1. Aug 20, 2006 #1
    The wave function is a probability amplitude.
    So far so good.
    This means that it doesn't give us the probability directly and it can be a complex number.
    Taking the square modulus of it, gives rise to interference. That's very good.

    But why the square, why not the fourth power or any even function, like cosh(|phi|)?

    Simplicity is the winner, but why?

    Michel
     
  2. jcsd
  3. Aug 20, 2006 #2
    I think it reduces to this: if [tex]\psi[/tex] is normalized, then so must be any [tex]\hat{U} \psi[/tex] for unitary U, and the only general way to have the unitarily-invariant statement [tex]A(\psi)=1[/tex] is something like [tex]A(\psi)\equiv \psi^{\dagger}\psi \rightarrow \psi^{\dagger} (U^{\dagger} U) \psi = \psi^{\dagger}\psi[/tex]. So the '2' comes from the number of times U enters in the unitarity definition.
     
  4. Aug 20, 2006 #3
    The squared modulus of [tex]\psi[/tex] is equal to [tex]\psi[/tex] times its complex conjugate.

    [tex]|\psi|^{2} = \psi\bar{\psi}[/tex]

    The complex conjugate allows us to make a function that can be expressed in terms of both the real and imaginary parts of [tex]\psi[/tex]. If instead we treated [tex]\psi[/tex] as a single complex parameter, then it would be one-dimensional. Complex conjugation, combined with other operations, doesn't require a mapping to be conformal either.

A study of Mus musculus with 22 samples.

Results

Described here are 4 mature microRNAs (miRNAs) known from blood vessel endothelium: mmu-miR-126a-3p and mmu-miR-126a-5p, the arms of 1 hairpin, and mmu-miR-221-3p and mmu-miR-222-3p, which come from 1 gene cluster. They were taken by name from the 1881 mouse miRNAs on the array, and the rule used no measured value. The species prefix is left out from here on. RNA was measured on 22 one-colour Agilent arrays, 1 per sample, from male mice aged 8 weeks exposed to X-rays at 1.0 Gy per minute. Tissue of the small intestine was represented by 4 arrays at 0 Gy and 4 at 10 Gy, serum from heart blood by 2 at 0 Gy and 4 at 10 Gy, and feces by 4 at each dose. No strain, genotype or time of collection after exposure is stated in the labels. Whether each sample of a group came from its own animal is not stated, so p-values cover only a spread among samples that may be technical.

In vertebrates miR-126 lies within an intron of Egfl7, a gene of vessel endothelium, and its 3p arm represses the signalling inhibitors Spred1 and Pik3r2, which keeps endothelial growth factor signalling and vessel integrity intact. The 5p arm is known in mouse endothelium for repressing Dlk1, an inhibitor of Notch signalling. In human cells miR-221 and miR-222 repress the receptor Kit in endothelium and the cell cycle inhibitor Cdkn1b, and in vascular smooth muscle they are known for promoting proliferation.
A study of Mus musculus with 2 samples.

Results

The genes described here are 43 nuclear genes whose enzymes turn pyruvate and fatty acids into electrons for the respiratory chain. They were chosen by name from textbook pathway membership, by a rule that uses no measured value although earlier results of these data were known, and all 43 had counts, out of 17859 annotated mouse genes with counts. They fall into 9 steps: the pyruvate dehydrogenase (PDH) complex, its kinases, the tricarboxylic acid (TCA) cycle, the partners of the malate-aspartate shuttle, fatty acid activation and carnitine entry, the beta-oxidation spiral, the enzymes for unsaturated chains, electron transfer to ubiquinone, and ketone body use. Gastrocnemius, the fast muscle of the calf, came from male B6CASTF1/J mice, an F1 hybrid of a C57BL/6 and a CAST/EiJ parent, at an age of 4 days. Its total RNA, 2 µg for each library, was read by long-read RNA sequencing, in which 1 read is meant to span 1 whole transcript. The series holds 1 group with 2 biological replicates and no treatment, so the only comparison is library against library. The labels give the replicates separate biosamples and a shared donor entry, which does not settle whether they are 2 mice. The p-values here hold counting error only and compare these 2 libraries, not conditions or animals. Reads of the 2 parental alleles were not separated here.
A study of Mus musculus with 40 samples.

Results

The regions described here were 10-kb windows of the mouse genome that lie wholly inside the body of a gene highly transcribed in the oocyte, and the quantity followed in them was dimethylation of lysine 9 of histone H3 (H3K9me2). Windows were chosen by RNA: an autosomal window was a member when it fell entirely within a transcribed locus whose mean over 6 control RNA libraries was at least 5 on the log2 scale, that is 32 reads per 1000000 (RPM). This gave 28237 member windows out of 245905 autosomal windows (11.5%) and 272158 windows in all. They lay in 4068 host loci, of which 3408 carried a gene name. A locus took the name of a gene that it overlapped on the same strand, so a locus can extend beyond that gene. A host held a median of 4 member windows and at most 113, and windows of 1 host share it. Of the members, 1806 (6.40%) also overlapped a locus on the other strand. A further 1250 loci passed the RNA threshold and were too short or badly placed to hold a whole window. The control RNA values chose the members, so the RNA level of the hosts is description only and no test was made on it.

Last edited: Aug 21, 2006
  5. Aug 21, 2006 #4
    The vector formalism requires the probability density to be the inner product of the unit vector and its dual, which when translated to the position basis gives us phi times its conjugate, that is mod phi squared.
     
  6. Aug 21, 2006 #5
    So in other words, the question of why [tex]|\psi(x)|^2[/tex] reduces to that of why [tex]\psi^{\dagger}\psi[/tex] (or in Dirac notation, [tex]\langle \psi | \psi \rangle [/tex]). Which is still an interesting question (see my previous post). More generally yet, why do normed Hilbert spaces correctly represent the physics, as opposed to some other algebraic system? I'm not sure if there's a more fundamental principle involved here. Anyway the reality of it is very convenient.
     
  7. Aug 21, 2006 #6

    vanesch


    http://www.arxiv.org/abs/quant-ph/0505059

    (at least, under the condition that there are only a finite number of possible measurement outcomes, which is always the case in a real measurement).
     
  8. Aug 21, 2006 #7
    In case any lurkers are confused, the basic idea here is that the QM structure is in vector spaces and linear algebra, and wavefunctions [tex]\psi(x)[/tex] and [tex]\phi(p)[/tex] are only a particular representations of this; the rules of wavefunctions derive from the more fundamental rules of inner products of vectors.